Rock ‘N’ Roll Soul, illustrated by Matthew Cordell, written by Susan Verde, published by Abrams, ISBN: 978-1419728495.
I can so relate to the girl at the center at Rock ‘N’ Roll Soul, a bopping and poppy tribute to the joys of music. Ever since I was a little tyke, I loved listening to all kinds of music: my grandparents’ big band music, my sister’s ’70s singer/songwriter albums, and my parents’ mix of rock and light AM crooners. I became a music geek, listening to the top 40, but then also tuning into what my friends were listening to, rebelling with punk and new wave but also making my peers’ eyebrows go up when I admitted I liked ABBA, Donna Summer, and ELO (I lived in a town that grooved on FM and arena rawk–and I like that, too).
The girl who stars in Rock ‘N’Roll Soul hears music everywhere and in everything. She has the music inside her. She loves to dance and sing in front of a crowd (okay, I’m shy about doing that, unless it’s during storytime). And not just rock ‘n’ roll. She loves hip-hop and classical, blues and jazz, she’s Bob Dylan before and after he goes electric, and she’s Jimi Hendrix, too. The book does have a story arc. We see her getting ready for a school talent show where she rocks out in front of an adoring crowd with only one instrument: herself. The enthusiasm in the book engages and is contagious. The ever-positive Susan Verde, who writes about the joys of museums in The Museum and the beauty of yoga and mindfulness in I Am Yoga and I Am Peace respectively, fills the book with lively language that gets the feet moving. The “I’ve Got a Rock ‘n’ Roll Soul” refrain throughout encourages kids to shout those words (this is a must for storytimes).
Meanwhile, 2018 Caldecott medalist Matthew Cordell (Wolf in the Snow) does a smashing job (as usual) with his glorious illustrations. His pen and ink and watercolor drawings capture a child in constant motion, but with great clarity and in a manner that pleases the eye. The girl dances and floats across the pages, striking seriously awesome poses that show she means business when it comes to loving music. I love the hand-drawn lettering on the “zoing oing toing” of her one string guitar and “tock pock tock” seen when she bangs a wooden spoon on a bowl. And some of the best moments show us her dreams (her face is in color while the rest of the daydream is in black and white) of playing being a DJ in front of huge speakers or being a conductor in front of an orchestra and choir.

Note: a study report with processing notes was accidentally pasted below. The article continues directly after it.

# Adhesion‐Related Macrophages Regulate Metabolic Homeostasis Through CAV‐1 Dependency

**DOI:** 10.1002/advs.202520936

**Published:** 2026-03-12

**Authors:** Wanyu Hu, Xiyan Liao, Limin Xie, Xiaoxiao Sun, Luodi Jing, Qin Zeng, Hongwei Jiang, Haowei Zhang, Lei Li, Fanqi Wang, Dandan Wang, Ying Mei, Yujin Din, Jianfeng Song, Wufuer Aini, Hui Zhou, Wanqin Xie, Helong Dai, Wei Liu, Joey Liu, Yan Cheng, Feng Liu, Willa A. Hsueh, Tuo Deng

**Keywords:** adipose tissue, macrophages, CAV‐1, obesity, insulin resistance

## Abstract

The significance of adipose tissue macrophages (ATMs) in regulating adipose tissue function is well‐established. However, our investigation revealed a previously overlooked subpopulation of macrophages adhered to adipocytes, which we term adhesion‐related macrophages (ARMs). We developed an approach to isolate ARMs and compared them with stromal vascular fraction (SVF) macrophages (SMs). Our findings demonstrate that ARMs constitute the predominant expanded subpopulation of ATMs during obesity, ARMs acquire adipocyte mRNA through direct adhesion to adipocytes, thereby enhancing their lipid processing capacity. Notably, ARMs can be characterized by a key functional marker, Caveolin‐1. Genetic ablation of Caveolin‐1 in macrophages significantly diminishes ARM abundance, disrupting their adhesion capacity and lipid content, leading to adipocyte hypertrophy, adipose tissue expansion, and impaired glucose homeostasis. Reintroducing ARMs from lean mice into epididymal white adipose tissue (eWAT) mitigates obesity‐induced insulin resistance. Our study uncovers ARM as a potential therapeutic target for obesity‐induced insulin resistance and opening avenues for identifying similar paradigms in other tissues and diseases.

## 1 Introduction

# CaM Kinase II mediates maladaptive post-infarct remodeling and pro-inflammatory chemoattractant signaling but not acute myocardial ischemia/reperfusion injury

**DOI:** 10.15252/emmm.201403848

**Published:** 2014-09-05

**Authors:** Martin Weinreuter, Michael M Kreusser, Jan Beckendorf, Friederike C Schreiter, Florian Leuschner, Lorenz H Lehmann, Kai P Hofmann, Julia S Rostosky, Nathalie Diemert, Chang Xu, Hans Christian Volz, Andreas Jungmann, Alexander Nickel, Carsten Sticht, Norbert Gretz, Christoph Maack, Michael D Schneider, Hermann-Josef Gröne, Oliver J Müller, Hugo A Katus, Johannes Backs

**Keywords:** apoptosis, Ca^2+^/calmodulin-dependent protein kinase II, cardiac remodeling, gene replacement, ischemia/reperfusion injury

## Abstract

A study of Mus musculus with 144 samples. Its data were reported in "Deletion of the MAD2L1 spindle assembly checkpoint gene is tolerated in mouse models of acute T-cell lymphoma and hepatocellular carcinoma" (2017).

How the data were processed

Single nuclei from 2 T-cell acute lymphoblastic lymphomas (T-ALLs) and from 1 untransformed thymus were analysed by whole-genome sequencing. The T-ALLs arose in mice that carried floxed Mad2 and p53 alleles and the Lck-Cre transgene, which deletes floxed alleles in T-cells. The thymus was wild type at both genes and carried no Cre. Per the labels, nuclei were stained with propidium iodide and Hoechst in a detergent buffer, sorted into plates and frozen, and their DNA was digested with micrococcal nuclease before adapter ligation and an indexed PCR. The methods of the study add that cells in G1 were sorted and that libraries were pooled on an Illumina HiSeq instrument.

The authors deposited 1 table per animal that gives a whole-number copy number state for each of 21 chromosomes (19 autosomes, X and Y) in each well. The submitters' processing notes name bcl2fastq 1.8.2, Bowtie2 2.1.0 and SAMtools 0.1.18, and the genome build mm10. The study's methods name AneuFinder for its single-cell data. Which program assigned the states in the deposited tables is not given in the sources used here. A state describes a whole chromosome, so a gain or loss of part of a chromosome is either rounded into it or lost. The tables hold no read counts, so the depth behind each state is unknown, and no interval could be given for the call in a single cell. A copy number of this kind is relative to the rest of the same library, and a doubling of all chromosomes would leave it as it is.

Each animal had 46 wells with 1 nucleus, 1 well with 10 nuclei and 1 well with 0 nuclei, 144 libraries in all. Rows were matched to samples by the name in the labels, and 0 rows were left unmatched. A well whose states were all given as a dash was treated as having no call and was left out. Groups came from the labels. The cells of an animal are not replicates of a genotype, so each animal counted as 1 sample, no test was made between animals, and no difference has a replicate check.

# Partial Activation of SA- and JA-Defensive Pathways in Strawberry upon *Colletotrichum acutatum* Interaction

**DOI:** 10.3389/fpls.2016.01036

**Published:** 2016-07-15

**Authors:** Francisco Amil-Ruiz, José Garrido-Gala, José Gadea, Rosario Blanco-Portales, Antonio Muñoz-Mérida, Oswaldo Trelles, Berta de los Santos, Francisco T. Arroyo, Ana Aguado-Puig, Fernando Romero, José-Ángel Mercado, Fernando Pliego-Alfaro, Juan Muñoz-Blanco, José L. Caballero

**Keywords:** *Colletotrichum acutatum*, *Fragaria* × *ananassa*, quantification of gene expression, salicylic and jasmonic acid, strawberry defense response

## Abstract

When I met Susan Verde recently she said that she hadn’t met Matthew Cordell yet (this was a day before they were about to meet and go on a brief tour of schools together). That’s an interesting phenomenon in the kidlit world. Picture book authors often don’t meet their illustrators. But with Rock ‘N’ Roll Soul, the harmonious blending of text and art is so perfect, you would swear they were in the same room together collaborating. This is a must for storytimes, and a great book to hand off to people (and there are a lot of them) who want great picture books about the universal joys of loving music.